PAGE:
I'm sure you've long forgotten me. But can you forgive me?
Thirty years ago (yes, 30!), I wrote an unflattering review in the Roanoke Rapids Daily Herald of your performance as Lucy in You're a Good Man, Charlie Brown! Oh, let's be honest: I took a blowtorch to everyone in the cast. What can I say? I was right out of college and it was my first real job and, well, I was a teensy bit full of myself.
I'm way more humble now, and I'm going to make it up to you (and the world). I'll explain how in a moment. But first, please indulge me.
After months of looking for a newspaper reporting job in 1981, I finally landed a position at the Daily Herald. One of my first assignments was to review the local production of Charlie Brown! My editor was Mr. Kern; do you remember him, Dawn? He always smoked a pipe, had pictures of Gary Coleman (the kid from Diff'rent Strokes) on his desk, ran a doughnut shop called Kern's Korner, and would read his mail in the bathroom right after the final press run (though perhaps you weren't privy to this last bit of information). Mr. Kern insisted I review the dress rehearsal. I thought that was a tad unfair and said so, but he was my boss and he was adamant. So it's kind of Mr. Kern's fault, in a way.
A Moral Dilemma
I went to your show, Dawn. And as you well know, I was appalled. We won't dwell on this because I don't want to reopen a long-closed wound. However, the show was so bad, I faced the first moral dilemma of my young career: What was I going to say in my review? How could I be critical of a local theater production in the small city to which I had moved only a few days earlier?
|Mrs. Johnson (Yes, we had color film back then;|
I was just being arty.)
After listening to me explain my angst, Mrs. Johnson cleared her throat and adjusted her glasses. "Now Jim," she said with grandmotherly affection, "writing for a newspaper is a big responsibility. The readers depend on you to be honest and accurate, and that's not easy."
"You're right," I said, and off I went to the office, where I sat down and typed these words: “The most annoying characterization was undoubtedly that of Lucy, played by Dawn Collins. Lucy is famous for her character made of crabgrass, but Collins' shrieking portrayal is pure astro-turf. Her voice is as piercing as a chipped fingernail on a chalkboard.”
I Was the Talk of the Town
I cringe, Dawn, as I type these damaging sentences again. Cringe! And I don't think I need to remind you my review caused a big fuss. I was the talk of Roanoke Rapids, North Carolina, for at least a week. Many of your friends and defenders called Mr. Kern to complain about my review. The director of your theater company wrote a letter to the editor, which Mr. Kern published under the terse headline "Repugnant." In his letter, your director dismissed me as a "fledgling Dan Rather" (though, practically speaking, I don't think Dan Rather ever reviewed theatrical productions.)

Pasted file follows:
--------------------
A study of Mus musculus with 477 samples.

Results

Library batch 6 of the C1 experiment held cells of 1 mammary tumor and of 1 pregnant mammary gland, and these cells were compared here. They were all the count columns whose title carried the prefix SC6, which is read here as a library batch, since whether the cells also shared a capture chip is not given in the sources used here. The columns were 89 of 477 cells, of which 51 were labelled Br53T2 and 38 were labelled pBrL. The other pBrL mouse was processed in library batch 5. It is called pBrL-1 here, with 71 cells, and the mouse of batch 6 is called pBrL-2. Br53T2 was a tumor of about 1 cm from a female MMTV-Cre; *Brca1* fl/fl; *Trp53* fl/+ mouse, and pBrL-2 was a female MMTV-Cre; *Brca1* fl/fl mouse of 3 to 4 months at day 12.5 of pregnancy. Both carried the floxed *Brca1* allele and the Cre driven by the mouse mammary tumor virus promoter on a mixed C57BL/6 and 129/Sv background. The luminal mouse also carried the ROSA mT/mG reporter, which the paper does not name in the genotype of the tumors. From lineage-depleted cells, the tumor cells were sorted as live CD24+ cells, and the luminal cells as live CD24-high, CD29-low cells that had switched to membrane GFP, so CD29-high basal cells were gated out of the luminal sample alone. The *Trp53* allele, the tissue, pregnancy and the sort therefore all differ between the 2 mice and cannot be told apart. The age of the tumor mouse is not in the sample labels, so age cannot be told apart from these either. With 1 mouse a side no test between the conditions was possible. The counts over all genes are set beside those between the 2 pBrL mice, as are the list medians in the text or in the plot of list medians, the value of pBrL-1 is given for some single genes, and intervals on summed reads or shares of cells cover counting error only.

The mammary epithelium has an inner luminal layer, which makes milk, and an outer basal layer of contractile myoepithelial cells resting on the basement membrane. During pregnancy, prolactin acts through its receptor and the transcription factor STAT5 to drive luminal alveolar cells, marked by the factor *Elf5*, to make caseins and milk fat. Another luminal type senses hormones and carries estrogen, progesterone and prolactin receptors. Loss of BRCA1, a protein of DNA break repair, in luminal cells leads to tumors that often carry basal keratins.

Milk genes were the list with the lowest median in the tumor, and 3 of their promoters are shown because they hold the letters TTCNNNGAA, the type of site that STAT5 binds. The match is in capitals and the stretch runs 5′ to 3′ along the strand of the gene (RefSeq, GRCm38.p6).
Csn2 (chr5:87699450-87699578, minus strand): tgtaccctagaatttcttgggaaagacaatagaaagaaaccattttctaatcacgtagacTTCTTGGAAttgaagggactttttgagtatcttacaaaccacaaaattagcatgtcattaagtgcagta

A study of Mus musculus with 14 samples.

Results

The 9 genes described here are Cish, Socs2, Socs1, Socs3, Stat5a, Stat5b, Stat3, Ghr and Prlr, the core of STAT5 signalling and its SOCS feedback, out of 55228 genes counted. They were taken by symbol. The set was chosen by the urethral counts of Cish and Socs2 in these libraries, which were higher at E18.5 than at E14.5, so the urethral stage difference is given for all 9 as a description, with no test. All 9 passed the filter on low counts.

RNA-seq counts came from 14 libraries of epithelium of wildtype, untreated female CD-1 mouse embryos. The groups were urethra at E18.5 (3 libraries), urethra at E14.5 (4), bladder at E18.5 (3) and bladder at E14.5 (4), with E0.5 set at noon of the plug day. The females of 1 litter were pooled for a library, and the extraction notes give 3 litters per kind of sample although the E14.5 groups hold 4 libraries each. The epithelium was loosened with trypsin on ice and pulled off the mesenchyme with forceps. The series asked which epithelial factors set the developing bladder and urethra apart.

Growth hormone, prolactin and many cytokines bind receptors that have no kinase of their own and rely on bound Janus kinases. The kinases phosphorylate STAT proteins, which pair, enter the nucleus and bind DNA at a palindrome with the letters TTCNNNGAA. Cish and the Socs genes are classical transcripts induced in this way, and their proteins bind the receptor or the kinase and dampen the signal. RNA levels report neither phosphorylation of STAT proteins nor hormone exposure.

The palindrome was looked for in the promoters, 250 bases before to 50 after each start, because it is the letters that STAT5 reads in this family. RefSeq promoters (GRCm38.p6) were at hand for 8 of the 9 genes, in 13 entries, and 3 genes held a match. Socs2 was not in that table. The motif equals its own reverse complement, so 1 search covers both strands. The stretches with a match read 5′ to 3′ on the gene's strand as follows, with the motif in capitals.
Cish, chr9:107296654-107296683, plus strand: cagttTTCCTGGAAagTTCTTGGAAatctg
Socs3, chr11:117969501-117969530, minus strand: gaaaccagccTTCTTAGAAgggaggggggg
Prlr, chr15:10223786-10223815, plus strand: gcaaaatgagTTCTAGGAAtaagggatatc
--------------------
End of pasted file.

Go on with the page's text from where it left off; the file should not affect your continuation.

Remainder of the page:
The afternoon my review was published, I had to make my rounds. One of my stops was the local rescue squad, where I was to inspect their log of recent incidents, which I would report in the next day's paper. When I arrived at the rescue squad office, it was deserted except for a Bubba-type character, leaning back languidly in his chair.
"I'm from the Daily Herald," I said, as I had never met this person before, and stated my intentions to review the log.
He eyed me warily. "You the one wrote that review about Charlie Brown? In the Hurld?" he asked. (That's how the locals pronounced 'Herald,' Dawn, remember?)
"Yes," I said, uneasily.
"Seems to me you aren't lookin' to make friends 'round here," he replied.
Dawn, I must admit I was rather proud of my response. "I'm not here to make friends," I said. "I'm here to do a job."
He snorted. And then he put his feet up on his desk--right on top of the rescue squad logbook. I squared my shoulders. "Are you familiar with the Freedom of Information act?" I asked. "It's against the law to withhold public records from the media."
He breathed, looked me up and down with disgust. And then, one by one, he moved his feet ever so slowly off the logbook.
Mrs. Johnson Tells the Truth
As you can see, Dawn, I took a lot of heat for my review. And I deserved every bit of it. But I have to tell you one more thing.
That evening, when I returned to Mrs. Johnson's house, she greeted me with the day's newspaper in her hand. "Oh Jim," she said, trying to suppress a smile. "I encouraged you to tell the truth, but I had no idea you'd be that truthful."
"I went too far, didn't I?," I asked.
She thought for a moment. "My husband used to say he could read the Herald every night before bed and go to sleep with nothin' on his mind," she said.
"What do you mean?"
"What I mean is, your review...I never read anything so exciting in this newspaper before," Mrs. Johnson said. "It's about time someone told the truth about our little theater group. They won't never any good, anyhow." Mrs. Johnson put one hand over her mouth to hide her grin, then pointed her finger at me playfully. "And if you tell anyone I said that, I'll shoot you."
So that's my side of the story, Dawn. Again, my apologies. I truly hope you've gone on to fulfill whatever dreams you had 30 years ago (but you didn't really dream of becoming an actress, right?). And to make it up to you, in my next blog post, I'm going to publish Mrs. Johnson's fried chicken recipe. It will make your lips smack double-time. You've waited 30 years for this, Dawn; I hope you can wait just a little longer.